More than five years after the 2008 flood, the City Council is getting ready to make its biggest decisions yet on its top flood-related priority.
But some residents hope the project, as proposed now, never comes to be.
The City Council Tuesday night held the first of a two-part discussion on the so-called Gateway Project, which calls for the elevation of a portion of flood-prone Dubuque Street and the Park Road bridge.
At a work session, the council heard a review of three years’ worth of work on the project and options for what to build.
City staff is asking the council to decide Oct. 1 on what level of protection it wants for Dubuque Street, the backwater reduction goal for the bridge and the structural type of the bridge.
Although council members did not make any decisions, or even express opinions, Tuesday night, a few of them indicated they are interested in a smaller project than staff is recommending.
Susan Mims, for instance, wondered whether some turn lanes on the expanded Dubuque Street and Park Road are needed, as well as sidewalks on both sides of the street.
A smaller footprint “allows us to try to protect those trees and the grading concerns,” she said.
Some people who live in the area, which includes historic properties, are worried about the loss of trees and grading of a bluff.
Jennifer Wagner, who lives nearby, said even with those concerns residents are not opposed to some form of mitigation.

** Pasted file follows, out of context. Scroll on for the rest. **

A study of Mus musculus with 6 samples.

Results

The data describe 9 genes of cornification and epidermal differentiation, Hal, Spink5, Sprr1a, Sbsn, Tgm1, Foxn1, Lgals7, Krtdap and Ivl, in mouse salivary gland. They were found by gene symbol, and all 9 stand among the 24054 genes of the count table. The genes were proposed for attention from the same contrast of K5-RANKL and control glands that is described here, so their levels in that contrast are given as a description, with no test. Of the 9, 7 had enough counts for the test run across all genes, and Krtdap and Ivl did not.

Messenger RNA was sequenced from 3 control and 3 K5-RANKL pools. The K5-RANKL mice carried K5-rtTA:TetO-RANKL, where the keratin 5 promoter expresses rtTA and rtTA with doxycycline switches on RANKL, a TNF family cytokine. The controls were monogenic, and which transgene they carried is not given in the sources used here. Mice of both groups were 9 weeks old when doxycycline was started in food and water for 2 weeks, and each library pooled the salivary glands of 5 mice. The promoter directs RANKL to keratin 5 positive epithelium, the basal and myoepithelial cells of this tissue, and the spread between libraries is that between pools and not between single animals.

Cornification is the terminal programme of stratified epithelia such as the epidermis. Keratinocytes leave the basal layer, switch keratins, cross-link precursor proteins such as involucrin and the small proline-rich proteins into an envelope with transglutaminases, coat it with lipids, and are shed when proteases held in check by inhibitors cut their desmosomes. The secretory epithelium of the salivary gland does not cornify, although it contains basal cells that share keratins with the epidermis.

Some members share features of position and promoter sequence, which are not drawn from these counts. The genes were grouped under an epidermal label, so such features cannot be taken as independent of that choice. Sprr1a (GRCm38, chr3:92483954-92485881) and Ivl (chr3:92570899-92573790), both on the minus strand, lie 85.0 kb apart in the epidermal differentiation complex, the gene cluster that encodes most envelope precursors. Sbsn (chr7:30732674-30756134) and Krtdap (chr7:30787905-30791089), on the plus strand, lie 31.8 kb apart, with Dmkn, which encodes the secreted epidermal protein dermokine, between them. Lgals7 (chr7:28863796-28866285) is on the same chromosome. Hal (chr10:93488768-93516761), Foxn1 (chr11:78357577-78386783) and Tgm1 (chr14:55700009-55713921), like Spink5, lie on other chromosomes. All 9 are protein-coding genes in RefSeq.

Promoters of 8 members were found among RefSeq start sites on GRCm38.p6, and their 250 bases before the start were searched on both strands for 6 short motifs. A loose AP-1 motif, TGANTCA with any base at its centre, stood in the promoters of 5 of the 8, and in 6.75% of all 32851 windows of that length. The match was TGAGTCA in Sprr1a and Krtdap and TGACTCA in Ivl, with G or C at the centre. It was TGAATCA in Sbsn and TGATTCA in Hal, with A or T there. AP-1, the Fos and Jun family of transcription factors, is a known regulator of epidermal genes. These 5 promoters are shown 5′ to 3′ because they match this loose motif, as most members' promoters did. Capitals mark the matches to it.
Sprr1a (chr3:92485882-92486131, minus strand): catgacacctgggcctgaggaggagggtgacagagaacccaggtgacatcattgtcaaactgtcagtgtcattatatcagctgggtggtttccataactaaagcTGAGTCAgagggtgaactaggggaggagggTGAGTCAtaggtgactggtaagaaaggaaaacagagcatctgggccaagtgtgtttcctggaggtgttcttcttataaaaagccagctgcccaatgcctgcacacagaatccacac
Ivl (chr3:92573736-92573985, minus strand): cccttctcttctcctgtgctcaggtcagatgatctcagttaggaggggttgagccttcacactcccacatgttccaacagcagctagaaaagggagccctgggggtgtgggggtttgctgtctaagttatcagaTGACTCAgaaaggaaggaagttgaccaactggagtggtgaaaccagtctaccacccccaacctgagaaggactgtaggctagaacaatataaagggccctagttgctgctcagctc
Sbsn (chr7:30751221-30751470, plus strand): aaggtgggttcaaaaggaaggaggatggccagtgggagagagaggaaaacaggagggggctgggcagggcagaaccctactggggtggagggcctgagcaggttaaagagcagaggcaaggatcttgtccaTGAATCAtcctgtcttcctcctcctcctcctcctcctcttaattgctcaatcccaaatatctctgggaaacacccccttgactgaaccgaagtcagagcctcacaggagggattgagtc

“This is not a fight between choosing between flood mitigation and historic preservation,” she said. “To make it into that is a specious argument.”
City officials say the elevation of Dubuque Street and Park Road bridge, near City Park, will help low-lying neighborhoods by decreasing water back up, as happened in 2008 when debris clogged the space below the bridge deck, and keep open a street that serves as a main entryway to the University of Iowa campus and downtown Iowa City.
The project would cost an estimated $40 million, with $10.5 million of that federal money.
The city plans to start construction in 2015 and finish the next year.
The preferred alternative from city staff is to elevate Dubuque Street between Foster and Kimball roads to the 500-year flood level plus 1 foot. The other two under consideration are 1 foot above the 2008 flood and a foot above a 100-year flood.
Dubuque Street has been closed for about 150 days in the past 20 years because of flooding, according to the city.
Council member Jim Throgmorton noted that, according to city data, at the 100-year-plus-1 protection, the street would have been closed just six days. That option also is $8 million cheaper than the preferred alternative.
The preferred option for the bridge is to have a steel girder structure with its lowest point 1 foot above the 500-year flood mark. It would reduce backwater in a flood like 2008 by 9 to 12 inches, according to the city.
The first phase of the project was a federally required environmental review.
Last week, the Advisory Council on Historic Preservation, which is an independent federal agency, sent a letter to the Federal Highway Administration recommending that the review process be reopened to engage the neighbors and resolve adverse effects to historic properties.
The Federal Highway Administration has preliminarily said there are no significant adverse effects.
Mark Pierson of the city’s project consultant, HNTB Corp. in Kansas City, Mo., told the council the Federal Highway Administration has not decided whether to follow the ACHP recommendation.He also noted the city has held several public meetings and consulted local and state organizations on the project. Particular attention has been paid to historic aspects, he said, and they will continue to work with neighbors.